An analogy between the social organism and that of a plant or animal may be drawn from the field of biology. That the organs of animals are the result of conditions is shown by numerous examples. In countries where wolves are forced to feed mainly upon deer, the long, slim wolf has the best opportunity to survive, and in time the wolves in that locality become long-legged, slender animals. At the same time nature economizes her resources, no material or energy is wasted in the struggle for existence.

Everything is used in the most advantageous manner. In biology this is seen in the decay of certain organs when they grow useless, that are then said to have atrophied as well as in the growth or development of organs and faculties that have become necessary. The wings of the tame duck have atrophied or shriveled under domestication.

Exactly so, social institutions decay when the purpose for which they existed disappears and new institutions arise to meet new needs. The ancestors of the present civilized races did not win their civilization by any such path.


Throughout all the superstructures that have grown upon this foundation — governments, literature, ethics and education — there may be traced the predominating influence of the economic conditions of the time and place in which they were evolving. For an illustration of this, let us turn to the field of ethics.


A large number of the economists have seen the relation that actually existing ethical systems in distinction from ideal systems bear to economic conditions. Marshall makes economic conditions among the most powerful in determining ethical relations. Patten likewise points out the economic foundations of morality.

While Marx shows that as all other spheres of society arise from economics so ethics depend on the same cause. Each great economic change has brought a corresponding change in codes of ethics. Men still in a state of savage warfare viewed certain acts as right.

In the nomadic state virtues suited to the time appeared.



The strong warrior was especially held in esteem by the Norse and ancient Gauls. Aggression in different forms continued throughout the period of savagery and into semi-civilized and civilized society until a new economic condition was introduced. Co-operation of some sort became necessary between men. They were forced together industrially and gradually aggression became a vice. Again in European history we find constant accounts of the robberies committed by the Robber Barons.

As this class grew in strength and social power public opinion began to look unfavorably on the nobles when they fell upon a train of merchandise. The trading class interests had now become powerful enough to dominate public opinion and open robbery finally became a vice. One more example can be found in the old illustration from American history. So long as slavery in the North was profitable it was viewed as right, but when the long winters of the Northern States showed that hired labor was more economical, it became wrong. The industrial interests of the North caused the Civil War.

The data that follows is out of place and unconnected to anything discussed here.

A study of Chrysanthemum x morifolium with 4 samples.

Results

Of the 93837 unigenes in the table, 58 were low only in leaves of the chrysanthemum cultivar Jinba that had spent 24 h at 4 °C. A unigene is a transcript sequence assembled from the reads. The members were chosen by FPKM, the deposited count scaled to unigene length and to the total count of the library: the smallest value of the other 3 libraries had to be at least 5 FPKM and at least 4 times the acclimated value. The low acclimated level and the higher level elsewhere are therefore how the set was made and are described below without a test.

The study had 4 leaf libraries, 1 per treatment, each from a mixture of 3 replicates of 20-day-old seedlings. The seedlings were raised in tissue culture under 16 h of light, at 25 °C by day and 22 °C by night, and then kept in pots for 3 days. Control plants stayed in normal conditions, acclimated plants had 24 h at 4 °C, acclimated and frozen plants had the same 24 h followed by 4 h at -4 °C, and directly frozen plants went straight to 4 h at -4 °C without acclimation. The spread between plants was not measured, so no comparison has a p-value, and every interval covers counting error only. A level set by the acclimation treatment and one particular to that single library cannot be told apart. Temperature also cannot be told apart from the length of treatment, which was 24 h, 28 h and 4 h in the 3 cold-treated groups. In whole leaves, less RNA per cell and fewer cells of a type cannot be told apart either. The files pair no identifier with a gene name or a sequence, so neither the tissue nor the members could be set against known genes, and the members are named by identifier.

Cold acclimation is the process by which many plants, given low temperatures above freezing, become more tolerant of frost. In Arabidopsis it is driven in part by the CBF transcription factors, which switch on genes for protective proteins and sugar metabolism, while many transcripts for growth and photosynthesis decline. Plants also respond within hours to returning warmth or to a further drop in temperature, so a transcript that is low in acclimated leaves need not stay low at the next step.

It was fought for the purpose of making free labor cheaper than slave labor.


At no time does he maintain that each stage of society begins tabula rasa. While he does lay particular stress on environment he fully recognizes the existence of heredity and that there are always the survivals of former stages that exert their influence upon the new conditions and institutions. In other words, we may say that the form and structure of the social organism is in a continual process of change and at any given time any portion of the organism — any institution or system of beliefs — is the product of a series of successive environments acting each in turn upon the product of the preceding environment.


It transforms the organism, modifies organs, multiplies structures, and creates new varieties, species and classes. In man it does this too, but only to a limited extent. There the principal effects are modification of the environment to adapt it to the organs and faculties that he already possesses. Primitive man faced the problem of providing himself with the barest wants of life — food, clothing, shelter.

His slight knowledge, crude tools and material limited these to the scantiest amount possible and at the same time gave him little leisure from manual toil. Gradually as the rough stone tool gave place to the better bronze axe or the later iron implements, his wants multiplied and were better satisfied and at the same time leisure for some slight intellectual development was afforded.

Each improvement in technique and each new invention thus became the means of solving the problem of man vs. With the advent of civilized society and the breaking up of the old tribal organization, a series of classes appeared, each class that dominated society being brought to the front through some improvement in productive methods, and its existence depended upon the possession of certain things in society that other men, in order to live, were obliged to use — for example, the land was possessed by the nobles in feudal times, the land mines, factories and railroads by the capitalist to-day.

At the same time the accumulated treasures of the intellect, of science, of art, have become to a large extent the possession of the few. All this is owing to the struggle of economic classes, the existence of which Marx was the first to point out. The defender of the economic view of society is frequently charged with stirring up class antagonisms. To point out an existing fact, a truth, is never wrong.